This very blog exists for more than 6 years, so in my mind, I’m sure I’ve written about pretty much everything, especially when it comes to such a heart-warming subject as grape holidays.
Only it turns out I have not.
Sunday, April 17th is 6th (!) annual celebration of World Malbec Day. So how many times over those 6 special occasions I’ve written a post for the Malbec Day? Aha, you got that. Zero.
Well, this is incorrect. None for the previous five, but we are talking about Malbec today, so the problem is finally fixed.
Thinking about grapes with long and turbulent history, Malbec might be the most prolific example of such. Taking its roots in Middle Ages, being a choice wine of the kings, shining in Bordeaux and all over the France and then literally disappearing from the face of the earth, but luckily, finding its second, and very prosperous life in Argentina – not too many grapes can brag about such an adventurous life. By the way, if you are curious about the events I mentioned here, you can test your knowledge of Malbec with this quiz, or you can just jump straight to the answers.
Starting from the second half of 19th century, Malbec found its new home in Argentina. Consistently dry climate of Mendoza happened to be just what Malbec needed to strive. As there are two sides to everything, the ideal growing conditions lead to overproduction and subsequently dull wines. It was not until the 1980s that Malbec commanded proper attention for the quality instead of quantity, and slowly became one of the darlings of the wine world – depending on who you would talk to, Malbec is considered the hottest wine at the moment. Starting from the bottom of Andes in Mendoza, plantings of Malbec are now extending to the higher and higher elevations, offering new range of expression of already delicious wines.
Argentinian Malbec wines are easy to like for many palates – while appearing big and powerful in the glass with its inky, almost black color, Malbec wines are usually round, soft and mellow, avoiding spikes of tannins and acidity which often upset wine drinkers looking for relaxing glass of wine. Interestingly enough, Malbec from other regions, such as Cahors in south of France, shows totally differently and often offers very forceful personality, so if you are looking for that soft and mellow Malbec, you might want to ask for the Argentinian Malbec by name.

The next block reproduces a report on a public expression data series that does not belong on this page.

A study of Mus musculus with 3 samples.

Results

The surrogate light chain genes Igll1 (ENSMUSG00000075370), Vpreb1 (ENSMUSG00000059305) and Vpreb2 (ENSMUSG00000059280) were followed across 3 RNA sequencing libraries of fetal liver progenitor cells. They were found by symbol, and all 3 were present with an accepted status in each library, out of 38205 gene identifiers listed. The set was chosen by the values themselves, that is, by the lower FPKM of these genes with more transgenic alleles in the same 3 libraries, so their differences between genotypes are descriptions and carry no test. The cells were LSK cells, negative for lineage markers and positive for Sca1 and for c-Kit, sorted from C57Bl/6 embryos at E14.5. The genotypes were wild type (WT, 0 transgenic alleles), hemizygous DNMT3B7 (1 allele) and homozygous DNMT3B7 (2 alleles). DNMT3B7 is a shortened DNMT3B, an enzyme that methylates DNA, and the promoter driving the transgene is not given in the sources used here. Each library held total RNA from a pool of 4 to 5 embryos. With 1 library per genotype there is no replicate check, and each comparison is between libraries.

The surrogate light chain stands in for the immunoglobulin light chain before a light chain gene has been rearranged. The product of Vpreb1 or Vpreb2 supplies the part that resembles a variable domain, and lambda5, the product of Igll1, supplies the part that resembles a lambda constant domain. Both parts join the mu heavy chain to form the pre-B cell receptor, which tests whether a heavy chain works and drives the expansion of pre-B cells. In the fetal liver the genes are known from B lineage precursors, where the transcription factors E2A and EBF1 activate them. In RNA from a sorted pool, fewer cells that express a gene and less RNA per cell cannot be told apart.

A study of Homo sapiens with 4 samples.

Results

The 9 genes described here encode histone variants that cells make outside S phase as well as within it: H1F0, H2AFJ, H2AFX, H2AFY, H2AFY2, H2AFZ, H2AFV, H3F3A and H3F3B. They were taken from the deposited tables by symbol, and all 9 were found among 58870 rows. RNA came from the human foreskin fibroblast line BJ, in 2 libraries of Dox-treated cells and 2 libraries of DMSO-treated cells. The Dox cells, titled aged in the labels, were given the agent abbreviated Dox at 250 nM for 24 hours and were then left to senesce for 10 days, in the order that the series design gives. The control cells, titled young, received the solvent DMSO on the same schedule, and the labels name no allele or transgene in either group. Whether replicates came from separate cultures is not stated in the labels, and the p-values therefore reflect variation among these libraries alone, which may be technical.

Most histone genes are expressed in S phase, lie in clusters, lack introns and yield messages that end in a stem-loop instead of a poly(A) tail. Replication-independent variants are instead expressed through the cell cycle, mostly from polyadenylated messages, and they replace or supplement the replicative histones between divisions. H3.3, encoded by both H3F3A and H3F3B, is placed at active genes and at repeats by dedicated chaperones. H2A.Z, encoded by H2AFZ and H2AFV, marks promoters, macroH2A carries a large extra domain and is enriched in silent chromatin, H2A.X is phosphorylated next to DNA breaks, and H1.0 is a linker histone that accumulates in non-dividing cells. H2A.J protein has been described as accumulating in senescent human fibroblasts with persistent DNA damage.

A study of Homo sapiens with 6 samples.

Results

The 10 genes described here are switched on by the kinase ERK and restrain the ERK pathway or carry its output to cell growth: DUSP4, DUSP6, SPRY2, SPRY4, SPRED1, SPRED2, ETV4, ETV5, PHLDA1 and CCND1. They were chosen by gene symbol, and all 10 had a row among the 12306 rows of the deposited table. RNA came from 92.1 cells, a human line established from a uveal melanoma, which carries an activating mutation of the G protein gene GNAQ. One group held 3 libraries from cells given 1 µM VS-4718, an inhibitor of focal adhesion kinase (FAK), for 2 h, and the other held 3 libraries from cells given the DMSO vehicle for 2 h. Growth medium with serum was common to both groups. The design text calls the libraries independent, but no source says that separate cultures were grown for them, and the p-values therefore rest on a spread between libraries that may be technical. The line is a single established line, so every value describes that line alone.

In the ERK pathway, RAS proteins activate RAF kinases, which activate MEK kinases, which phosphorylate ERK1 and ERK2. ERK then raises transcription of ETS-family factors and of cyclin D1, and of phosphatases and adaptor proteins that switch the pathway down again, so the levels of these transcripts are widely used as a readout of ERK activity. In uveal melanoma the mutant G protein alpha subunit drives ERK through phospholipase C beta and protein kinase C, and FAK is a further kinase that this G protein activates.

Today I want to bring to your attention two Malbec wines I had pleasure of tasting recently. It is not the first time I’m talking about Rutini wines from Argentina in this blog – here you can find my interview with Mariano Di Paola, winemaker at Rutini wines, as well as tasting notes for few other Rutini wines. Here are the notes for the two Malbec wines:
2014 Rutini Trumpeter Malbec Mendoza Argentina (14% ABV, SRP $11.99)
C: dark garnet
N: freshly crushed fruit, sage, savory notes
P: clean, earthy, tart cherries with hint of licorice, touch of sweet tobacco
V: 7+/8-, nice, refreshing, round, great QPR
2011 Rutini Encuentro Malbec Mendoza Argentina (13.5% ABV, SRP $18.99)
C: dark garnet, inky
N: roasted notes, tar, cherries, warm, inviting, touch of barnyard
P: soft, round, sweet berries, concentrated, good acidity, perfect balance. Became dark and concentrated on the day 2/3.
V: 8, very enjoyable, easy to drink; will evolve with time – you should forget few bottles in the cellar…
Here you are, my friends. Celebrate Malbec, this grape definitely worth your attention. Cheers!